Friday, October 19, 2012

Review: Muller FrutUp Blueberry Bliss Lowfat Yogurt with Fruit Mousse

Just when I think I've got figured out in life, I managed to get a curveball thrown my way.  In the case of this review, it's that way with Quaker throwing me a curveball with something that is unlike my previous reviews. What I mean is that I always figured that Quaker stuck to oats and granola related snack and breakfast products, but one day I was walking through the dairy case in my local Meijer and I found this Muller FrutUp Blueberry Bliss Lowfat Yogurt with Fruit Mousse, which was a product I had never seen before, so I became curious.  Upon closer inspection, I saw the good ol' Quaker Oats man on the container, so much to my surprise, it was then that I found out that Quaker is not just breakfast and snacks, but also dairy and with some more research, I've also come to find out it is a European import.  It makes sense, but it was a surprise to me nonetheless.  Anyway, piqued by curiosity, I grabbed this 5.3 ounce container out of the dairy case for $1.00 and was anxious to give it a try.  By the way, it's 140 calories and has seven grams of protein.

As you can see by the label and also the picture above, this is not your typical yogurt product.  It's a base layer of regular lowfat yogurt that is then topped with a layer of fruit mousse.  I've obviously seen mousse before and reviewed some of those products, but I can't say I've ever seen it presented in this manner before.  In the case of this mousse, it was obviously blueberry and it smelled nicely of blueberry and had the composition of the typical mousse that you mind find in a snack cup, although this one more like a jam than some of the Jell-O products that I've had.  Mixed together, the mousse and plain yogurt pretty much turned into a blueberry yogurt, as you can see above.

Taking my first spoonful, I had a general idea what to expect but wasn't quite sure based on the fact that I've never mixed mousse and yogurt together before.  What I got was a product that tasted like both things, which was somewhat of a surprise to me since I expected them to kind of blend together.  Instead, the yogurt maintained its cool dairy feel and the mousse itself  maintained its airy texture like a typical mousse.  As for the flavors, the yogurt was plain as you'd expect, but the mousse itself was sweet and had a wonderful blueberry taste without the tang and bite that blueberries can sometimes have.  Mixed together, it was like a blueberry yogurt...except with a mousse mouthfeel.  Totally different than anything I've ever reviewed for this blog before, but it was in a good way.

Buy It or Fly By It?  I liked this a lot and it was pretty much bliss in the fact that the blueberry flavor was wonderful and mixed well with the yogurt, so it gets a BUY IT rating.  Once I got more used to the feeling of mousse and yogurt having a different kind of feeling in my mouth, I got more addicted with each successive spoonful.  If you were to pick this up and adjust to it as I did, I think you'd find it just as addictive and blissful as I did.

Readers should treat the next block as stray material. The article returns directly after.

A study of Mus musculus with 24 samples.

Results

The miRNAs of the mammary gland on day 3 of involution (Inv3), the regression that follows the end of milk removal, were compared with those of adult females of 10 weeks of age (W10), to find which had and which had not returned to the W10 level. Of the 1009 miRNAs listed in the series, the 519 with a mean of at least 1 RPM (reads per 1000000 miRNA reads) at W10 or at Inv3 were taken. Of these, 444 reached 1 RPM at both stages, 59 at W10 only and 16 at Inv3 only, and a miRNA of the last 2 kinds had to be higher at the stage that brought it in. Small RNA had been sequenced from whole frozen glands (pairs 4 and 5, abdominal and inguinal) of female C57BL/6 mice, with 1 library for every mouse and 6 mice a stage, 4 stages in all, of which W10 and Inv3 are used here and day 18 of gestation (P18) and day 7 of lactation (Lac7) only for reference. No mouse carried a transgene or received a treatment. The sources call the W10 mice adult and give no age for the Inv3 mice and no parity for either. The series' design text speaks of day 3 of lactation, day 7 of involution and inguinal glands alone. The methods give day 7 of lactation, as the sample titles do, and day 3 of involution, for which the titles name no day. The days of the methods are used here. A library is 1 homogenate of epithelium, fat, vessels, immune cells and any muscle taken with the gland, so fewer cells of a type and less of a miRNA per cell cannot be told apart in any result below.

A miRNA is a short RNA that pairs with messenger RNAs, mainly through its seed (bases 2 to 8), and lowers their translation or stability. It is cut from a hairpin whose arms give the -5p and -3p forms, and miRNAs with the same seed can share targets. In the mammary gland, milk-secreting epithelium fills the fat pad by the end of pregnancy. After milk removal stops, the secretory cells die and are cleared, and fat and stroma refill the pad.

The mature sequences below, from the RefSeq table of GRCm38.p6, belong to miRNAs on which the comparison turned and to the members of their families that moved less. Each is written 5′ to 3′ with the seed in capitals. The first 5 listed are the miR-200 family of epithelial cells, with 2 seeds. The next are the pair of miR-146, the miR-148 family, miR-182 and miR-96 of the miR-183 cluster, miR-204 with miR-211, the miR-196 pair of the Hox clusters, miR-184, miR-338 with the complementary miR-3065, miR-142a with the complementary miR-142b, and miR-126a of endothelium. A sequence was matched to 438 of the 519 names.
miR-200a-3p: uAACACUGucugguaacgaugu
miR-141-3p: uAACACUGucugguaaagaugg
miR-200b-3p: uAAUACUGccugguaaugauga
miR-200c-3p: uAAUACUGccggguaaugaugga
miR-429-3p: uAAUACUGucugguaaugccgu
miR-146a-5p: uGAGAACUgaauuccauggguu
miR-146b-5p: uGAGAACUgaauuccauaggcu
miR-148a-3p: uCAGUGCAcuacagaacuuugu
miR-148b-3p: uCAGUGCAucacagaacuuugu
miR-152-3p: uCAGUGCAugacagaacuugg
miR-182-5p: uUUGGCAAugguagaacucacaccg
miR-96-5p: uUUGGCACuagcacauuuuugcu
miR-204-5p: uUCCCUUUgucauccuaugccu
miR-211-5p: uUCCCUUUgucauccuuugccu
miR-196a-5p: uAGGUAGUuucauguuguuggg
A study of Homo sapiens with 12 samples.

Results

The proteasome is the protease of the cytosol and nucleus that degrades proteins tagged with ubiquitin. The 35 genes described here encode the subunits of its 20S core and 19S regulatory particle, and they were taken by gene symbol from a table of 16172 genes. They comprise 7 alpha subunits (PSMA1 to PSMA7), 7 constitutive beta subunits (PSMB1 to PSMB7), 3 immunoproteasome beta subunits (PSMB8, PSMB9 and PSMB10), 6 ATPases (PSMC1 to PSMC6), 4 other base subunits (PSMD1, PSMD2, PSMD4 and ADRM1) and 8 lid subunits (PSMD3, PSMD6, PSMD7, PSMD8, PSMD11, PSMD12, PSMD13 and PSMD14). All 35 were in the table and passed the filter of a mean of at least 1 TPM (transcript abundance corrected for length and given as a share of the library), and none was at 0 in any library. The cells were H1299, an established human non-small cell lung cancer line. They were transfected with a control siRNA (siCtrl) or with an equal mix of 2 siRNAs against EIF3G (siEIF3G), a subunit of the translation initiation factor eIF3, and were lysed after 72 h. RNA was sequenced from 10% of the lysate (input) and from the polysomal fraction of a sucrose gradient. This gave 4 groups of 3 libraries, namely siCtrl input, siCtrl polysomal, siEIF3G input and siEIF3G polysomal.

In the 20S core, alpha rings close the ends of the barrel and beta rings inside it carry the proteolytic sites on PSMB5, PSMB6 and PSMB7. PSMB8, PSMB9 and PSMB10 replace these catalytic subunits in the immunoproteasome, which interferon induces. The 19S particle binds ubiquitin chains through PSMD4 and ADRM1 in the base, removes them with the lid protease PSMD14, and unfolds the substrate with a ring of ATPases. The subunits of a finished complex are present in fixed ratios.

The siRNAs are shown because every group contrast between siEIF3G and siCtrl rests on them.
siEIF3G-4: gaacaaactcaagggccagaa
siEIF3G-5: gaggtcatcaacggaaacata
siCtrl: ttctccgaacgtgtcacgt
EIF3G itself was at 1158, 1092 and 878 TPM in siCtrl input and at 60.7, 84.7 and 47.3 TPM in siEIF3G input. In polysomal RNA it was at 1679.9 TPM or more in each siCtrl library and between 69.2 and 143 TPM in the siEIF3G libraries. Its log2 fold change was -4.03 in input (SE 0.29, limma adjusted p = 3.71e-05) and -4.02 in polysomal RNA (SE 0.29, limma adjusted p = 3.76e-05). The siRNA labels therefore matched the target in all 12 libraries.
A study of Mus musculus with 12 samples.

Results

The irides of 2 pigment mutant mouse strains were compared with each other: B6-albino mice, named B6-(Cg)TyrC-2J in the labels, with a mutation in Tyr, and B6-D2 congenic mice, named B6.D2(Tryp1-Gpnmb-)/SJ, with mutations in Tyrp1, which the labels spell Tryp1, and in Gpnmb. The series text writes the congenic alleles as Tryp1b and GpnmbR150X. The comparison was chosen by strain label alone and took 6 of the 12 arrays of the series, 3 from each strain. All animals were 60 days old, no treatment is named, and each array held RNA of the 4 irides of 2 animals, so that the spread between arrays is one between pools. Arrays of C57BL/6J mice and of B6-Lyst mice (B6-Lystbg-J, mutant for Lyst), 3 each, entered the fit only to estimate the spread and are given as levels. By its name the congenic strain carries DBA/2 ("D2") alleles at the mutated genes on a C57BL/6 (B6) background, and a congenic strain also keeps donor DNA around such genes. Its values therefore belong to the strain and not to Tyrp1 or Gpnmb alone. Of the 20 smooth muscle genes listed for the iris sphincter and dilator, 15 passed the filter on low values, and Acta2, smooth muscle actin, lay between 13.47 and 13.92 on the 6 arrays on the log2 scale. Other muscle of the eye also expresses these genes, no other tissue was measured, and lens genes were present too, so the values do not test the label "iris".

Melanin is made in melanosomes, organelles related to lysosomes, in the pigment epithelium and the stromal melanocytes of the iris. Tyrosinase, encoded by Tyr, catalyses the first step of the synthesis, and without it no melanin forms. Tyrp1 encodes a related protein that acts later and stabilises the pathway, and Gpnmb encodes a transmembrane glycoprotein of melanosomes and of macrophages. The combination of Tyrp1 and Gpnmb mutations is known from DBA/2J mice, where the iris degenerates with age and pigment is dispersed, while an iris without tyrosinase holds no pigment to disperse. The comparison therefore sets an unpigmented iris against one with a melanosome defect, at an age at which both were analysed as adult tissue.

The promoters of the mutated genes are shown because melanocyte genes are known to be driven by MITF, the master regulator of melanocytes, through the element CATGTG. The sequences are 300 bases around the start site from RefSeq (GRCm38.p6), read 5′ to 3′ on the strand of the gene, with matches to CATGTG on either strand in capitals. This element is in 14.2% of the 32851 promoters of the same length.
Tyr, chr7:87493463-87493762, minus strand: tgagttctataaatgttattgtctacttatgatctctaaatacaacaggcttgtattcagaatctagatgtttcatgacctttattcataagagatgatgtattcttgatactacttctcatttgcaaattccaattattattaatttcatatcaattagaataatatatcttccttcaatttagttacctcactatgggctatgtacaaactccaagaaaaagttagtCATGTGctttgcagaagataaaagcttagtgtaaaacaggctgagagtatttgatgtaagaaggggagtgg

1. This looks really tasty... I will have to keep an eye out for it at the store.

  2. I just tried it - in fact I tried the lemon and raspberry. I was not all that thrilled. The mousse would better be described as aired jello or a firm foam (which is so popular in Europe right now.) I find foams really boring and not very appetizing to look at on the plate, but I digress. The texture of the fruit mousse did not have that of a good fruit mousse. The package in reality has very little yogurt in it and if you look at the label, it gets the gelatin from Tilapia fish.
    The joint venture between PepsiCo, Inc. and the Theo Müller Group must have been the result of good sell-job and price to create the Müller Quaker Dairy and the FrütUp product line. Unfortunately, I think PepsiCo, Inc (who owns Quaker) should branch into areas that are more to what they know.

  3. Well, I was happy to see new yoghurt product so I got some. The taste is not what I could go crazy about. It was very sweet and the yoghurt flavor-not much to beggin with, got lost in the sweetnes of the whipped jello foam.
    BUT, what got me after I ate it and read the ingredience, there is a TILAPIA!!!! A freeking FISH!
    Now I like fish but not some by pruducts used in my food, never ming yoghurt!
    Isn't enough that we are forced to eat chemicals and aditives and GM food? Now fish in the yoghurt.
    I am in food business and know how things are made and understand why and what sometimes is aded. But fish in yoghurt? There are other ways to get gelatin!!! Or perhaps that would eat in the proffit of the company.
    I guess I stay with making my own yoghurt and mix in my fresh fruit.
    Thanks to our local produce and farmers for producing natural food!

    1. ok, your typical gelatin is made of cow bones, not much different between bones. a bone is a bone.